Really Really Big Stars


Sizewise, our Sun seems pretty big, with a radius of just over 432,000 miles, and a volume that would hold about a million Earths. But depending on the mass of a star and its stage of life, you can get some very large stars. Stars have a tendency to swell up as they age, and massive stars live fast and die young, so the really big stars out there tend to be much more massive than the Sun, and near the end of their lives, although not necessarily very old. Really massive stars may live for only 10 million years before blowing up as supernovae, whereas our Sun will last about 10 billion years on the main sequence before swelling up into a red giant, and eventually shrinking to become a white dwarf.

Stars like Aldebaran are called Red Giants. Still bigger stars like Betelgeuse are Red Supergiants, with a billion times the volume of the Sun. Larger stars tend to be redder, because their surface temperatures are lower. The biggest supergiant stars are known as Hypergiants.

Here, listed in increasing order of radius, are the four biggest hypergiant stars currently known that are within the reach of a backyard telescope. The images were taken in late October from Lake Cachuma and Noleta with a Nikon D5100 DSLR using a 130mm f/6.3 refractor telescope as the lens, and exposure times of 30 seconds at ISO 6400. Throughout this article, I will use the abbreviation Rs for Radius of the Sun.

This is NML Cygni, in the constellation Cygnus, the Swan. This is a very massive star; at an estimated 50 solar masses, it is about as massive as we think stars can currently get without tearing themselves apart immediately. Stars like this do weird things like blowing off their outer atmospheres at a high rate, and pulsating wildly. Therefore, the values we derive for radius are most uncertain for this star, ranging from 1183 times Rs to 2770 Rs. At the latter value, it would have been the biggest star on the list, but the more recent measurements have favored the smaller value, still a whopping volume of 1.6 billion Suns.

NML Cygni is the apparently dimmest and most massive star on the list, and the second closest at a distance of about 5300 light years. You would need a large telescope or a camera on a smaller scope to be able to see it. Intrinsically, it is about 272000 times as luminous as the Sun. If you placed NML Cygni at the center of our solar system, it would reach out just past the planet Jupiter.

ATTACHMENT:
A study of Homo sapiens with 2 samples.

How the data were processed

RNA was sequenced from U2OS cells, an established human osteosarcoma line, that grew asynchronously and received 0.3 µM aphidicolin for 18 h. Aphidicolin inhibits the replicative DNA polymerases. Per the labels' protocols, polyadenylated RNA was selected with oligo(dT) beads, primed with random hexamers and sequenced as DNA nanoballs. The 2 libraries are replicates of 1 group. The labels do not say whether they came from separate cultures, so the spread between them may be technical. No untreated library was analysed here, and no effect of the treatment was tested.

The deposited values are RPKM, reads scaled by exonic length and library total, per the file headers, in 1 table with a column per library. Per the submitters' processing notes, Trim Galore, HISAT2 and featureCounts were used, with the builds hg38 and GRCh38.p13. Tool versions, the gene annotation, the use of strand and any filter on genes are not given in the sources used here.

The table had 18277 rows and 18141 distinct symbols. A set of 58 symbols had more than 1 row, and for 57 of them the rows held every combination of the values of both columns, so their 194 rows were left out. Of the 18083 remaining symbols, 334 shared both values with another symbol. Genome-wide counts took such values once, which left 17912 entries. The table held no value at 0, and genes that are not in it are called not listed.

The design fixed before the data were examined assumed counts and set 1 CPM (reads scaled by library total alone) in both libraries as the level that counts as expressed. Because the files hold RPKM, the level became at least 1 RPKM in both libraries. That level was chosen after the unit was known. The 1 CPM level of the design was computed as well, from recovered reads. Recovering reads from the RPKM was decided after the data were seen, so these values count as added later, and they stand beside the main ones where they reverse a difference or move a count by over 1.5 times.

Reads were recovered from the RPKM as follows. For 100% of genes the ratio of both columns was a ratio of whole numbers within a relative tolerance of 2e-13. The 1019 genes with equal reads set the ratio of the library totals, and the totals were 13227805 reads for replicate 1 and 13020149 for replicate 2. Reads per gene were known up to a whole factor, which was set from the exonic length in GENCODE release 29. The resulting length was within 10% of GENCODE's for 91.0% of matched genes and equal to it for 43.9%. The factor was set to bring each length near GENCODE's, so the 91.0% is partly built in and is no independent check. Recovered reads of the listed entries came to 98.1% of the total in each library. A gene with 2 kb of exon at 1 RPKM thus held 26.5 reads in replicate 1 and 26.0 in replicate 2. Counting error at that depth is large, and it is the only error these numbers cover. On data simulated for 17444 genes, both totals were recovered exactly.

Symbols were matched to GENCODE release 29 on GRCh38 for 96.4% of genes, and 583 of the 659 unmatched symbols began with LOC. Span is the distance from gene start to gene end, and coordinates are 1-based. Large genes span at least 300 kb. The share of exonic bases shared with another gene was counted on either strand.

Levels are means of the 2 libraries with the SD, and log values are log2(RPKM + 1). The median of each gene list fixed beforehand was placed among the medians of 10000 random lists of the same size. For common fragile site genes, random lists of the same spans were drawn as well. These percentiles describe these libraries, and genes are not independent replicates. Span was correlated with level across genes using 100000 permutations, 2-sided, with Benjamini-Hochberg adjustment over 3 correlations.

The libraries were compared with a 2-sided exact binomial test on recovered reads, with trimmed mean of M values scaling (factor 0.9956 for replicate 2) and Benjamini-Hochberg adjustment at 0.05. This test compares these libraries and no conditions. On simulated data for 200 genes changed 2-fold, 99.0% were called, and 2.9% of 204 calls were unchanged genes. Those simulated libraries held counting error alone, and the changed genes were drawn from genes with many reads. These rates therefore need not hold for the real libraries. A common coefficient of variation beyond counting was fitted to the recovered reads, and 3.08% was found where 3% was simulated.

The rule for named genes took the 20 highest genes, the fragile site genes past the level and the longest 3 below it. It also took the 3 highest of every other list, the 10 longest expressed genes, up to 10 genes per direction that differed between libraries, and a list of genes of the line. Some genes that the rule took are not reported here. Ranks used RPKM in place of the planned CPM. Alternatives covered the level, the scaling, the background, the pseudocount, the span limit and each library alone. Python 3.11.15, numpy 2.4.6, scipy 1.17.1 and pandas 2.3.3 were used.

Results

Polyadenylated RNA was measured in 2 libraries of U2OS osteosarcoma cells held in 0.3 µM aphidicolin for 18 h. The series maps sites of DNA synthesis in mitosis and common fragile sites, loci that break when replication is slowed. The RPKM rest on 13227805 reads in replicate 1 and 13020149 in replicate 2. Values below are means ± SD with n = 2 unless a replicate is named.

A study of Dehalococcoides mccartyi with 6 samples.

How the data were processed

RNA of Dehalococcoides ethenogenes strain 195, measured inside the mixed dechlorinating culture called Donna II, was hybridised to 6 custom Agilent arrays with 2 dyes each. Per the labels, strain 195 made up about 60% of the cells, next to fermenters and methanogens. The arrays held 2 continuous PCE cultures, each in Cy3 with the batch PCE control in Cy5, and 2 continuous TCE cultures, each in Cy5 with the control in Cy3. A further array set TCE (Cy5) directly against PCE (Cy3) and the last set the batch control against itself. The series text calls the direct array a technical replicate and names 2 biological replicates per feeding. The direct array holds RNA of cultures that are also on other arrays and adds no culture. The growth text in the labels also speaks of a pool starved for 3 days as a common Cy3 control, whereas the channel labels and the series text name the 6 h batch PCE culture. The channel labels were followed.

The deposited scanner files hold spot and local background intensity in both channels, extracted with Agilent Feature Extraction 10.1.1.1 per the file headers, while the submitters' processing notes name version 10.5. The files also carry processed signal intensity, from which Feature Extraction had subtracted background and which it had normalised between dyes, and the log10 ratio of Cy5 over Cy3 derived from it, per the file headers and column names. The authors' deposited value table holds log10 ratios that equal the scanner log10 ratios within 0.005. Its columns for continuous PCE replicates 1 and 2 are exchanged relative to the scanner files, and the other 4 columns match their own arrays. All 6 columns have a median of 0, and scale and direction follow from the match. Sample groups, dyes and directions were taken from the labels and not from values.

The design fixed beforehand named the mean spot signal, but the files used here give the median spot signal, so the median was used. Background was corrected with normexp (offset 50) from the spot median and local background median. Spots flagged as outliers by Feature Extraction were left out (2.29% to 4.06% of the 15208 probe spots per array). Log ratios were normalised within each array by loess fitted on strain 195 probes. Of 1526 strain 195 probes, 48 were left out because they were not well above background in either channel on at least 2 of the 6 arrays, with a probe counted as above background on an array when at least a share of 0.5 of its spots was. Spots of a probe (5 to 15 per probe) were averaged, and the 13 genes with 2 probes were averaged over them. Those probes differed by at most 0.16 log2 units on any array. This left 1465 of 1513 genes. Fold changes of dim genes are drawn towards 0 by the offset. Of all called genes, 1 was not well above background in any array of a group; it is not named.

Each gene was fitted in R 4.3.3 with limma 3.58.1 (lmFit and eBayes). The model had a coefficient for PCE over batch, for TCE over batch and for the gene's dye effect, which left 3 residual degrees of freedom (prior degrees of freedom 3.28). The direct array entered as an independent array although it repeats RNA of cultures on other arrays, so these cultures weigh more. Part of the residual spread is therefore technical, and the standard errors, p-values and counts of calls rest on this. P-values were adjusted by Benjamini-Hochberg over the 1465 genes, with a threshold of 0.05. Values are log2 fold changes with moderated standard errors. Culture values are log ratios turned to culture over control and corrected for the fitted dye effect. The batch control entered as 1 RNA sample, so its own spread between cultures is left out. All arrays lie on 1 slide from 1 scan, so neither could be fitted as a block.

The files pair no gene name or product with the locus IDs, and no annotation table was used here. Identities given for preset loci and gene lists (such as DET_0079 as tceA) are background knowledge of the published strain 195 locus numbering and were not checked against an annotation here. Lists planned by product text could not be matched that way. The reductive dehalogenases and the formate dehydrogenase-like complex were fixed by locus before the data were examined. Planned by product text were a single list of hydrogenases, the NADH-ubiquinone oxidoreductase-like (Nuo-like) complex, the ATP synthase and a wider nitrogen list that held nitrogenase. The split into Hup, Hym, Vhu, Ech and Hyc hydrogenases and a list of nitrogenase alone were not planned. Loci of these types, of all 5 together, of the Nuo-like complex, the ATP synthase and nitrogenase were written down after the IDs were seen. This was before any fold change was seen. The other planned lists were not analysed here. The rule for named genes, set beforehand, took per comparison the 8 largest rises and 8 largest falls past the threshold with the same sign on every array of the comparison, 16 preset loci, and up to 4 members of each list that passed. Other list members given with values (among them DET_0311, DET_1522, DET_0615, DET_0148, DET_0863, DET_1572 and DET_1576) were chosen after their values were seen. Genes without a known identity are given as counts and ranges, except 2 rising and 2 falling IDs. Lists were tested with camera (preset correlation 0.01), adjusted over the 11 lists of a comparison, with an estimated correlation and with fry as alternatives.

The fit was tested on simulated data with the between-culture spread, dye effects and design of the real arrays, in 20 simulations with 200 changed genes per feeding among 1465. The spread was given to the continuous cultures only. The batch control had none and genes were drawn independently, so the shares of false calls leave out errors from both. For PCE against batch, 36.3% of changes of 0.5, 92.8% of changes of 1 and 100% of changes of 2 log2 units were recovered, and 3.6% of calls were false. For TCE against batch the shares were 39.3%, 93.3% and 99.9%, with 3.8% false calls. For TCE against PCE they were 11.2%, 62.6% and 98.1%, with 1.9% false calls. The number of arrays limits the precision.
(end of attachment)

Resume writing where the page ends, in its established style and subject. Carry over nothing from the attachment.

This is Mu Cephei, in the constellation Cepheus, the King. It is probably the second most massive star on the list, at an estimated 19 solar masses. Its radius estimates range from 650 to 1420 times Rs, with a most probable value of 1260 Rs, giving a volume of about 2 billion Suns.

Mu Cephei appears about 10000 times brighter than NML Cygni, and is visible to the unaided eye, and is the third closest at a distance of about 6000 light years. Intrinsically, it is about 283000 times as luminous as the Sun. It is also known as Herschel’s Garnet Star because of its deep red color. Placed at the center of our solar system, it would reach out well past Jupiter’s orbit.

This is VY Canis Majoris, in the constellation Canis Major, the Big Dog. This is the third most massive star on the list, weighing in at 17 (+/- 8) solar masses. Its radius is around 1420 Rs, for a volume of 2.8 billion Suns.

VY Canis Majoris has an apparent brightness about 250 times that of NML Cygni, and you could see it in binoculars right now in our early morning sky. Intrinsically, it is about 270000 times as luminous as the Sun. It is the third closest of the big stars, at an estimated distance of 3800 light years. From the center of our solar system, it would reach about 149 million miles past the orbit of Jupiter.

Last and biggest on our list is UY Scuti, in the constellation Scutum, the Shield. It is the least massive, at an estimated 7 to 10 solar masses. The estimated radius is 1708 (+/- 192) Rs, for a volume of about 5 billion Suns.

UY Scuti is the third brightest on the list, at an apparent brightness of 100 times that of NML Cygni. Intrinsically, it is the brightest, at about 340000 times as luminous as the Sun. It is also the most distant, at 9500 light years. You need a telescope to spot UY Scuti, and it sets early at this time of year. Plopped where the Sun is, it would reach out almost to the orbit of Saturn.

Given that their volumes are billions of Suns, but their masses are on the order of tens of Suns, the outer atmospheres of hypergiant stars are really diaphanous, which is why determining their radii is so uncertain. Nevertheless, they are still great big orange blobs of hot gas.

References for a Cloudy Evening

Really Really Big Stars

Thank you for correcting the photos. I certainly thought Mu Cephi was looking different than when the last time I looked up at it.

macpuzl Oct 30, 2017 12:42 PM
Really Really Big Stars

That was quite a stunning reduction in brightness ;)

macpuzl Oct 29, 2017 10:10 AM
Really Really Big Stars

Somehow the images got mixmastered. The images for Mu Cephei and NML Cygni were swapped in order, and so were the images for VY Canis Majoris and UY Scuti.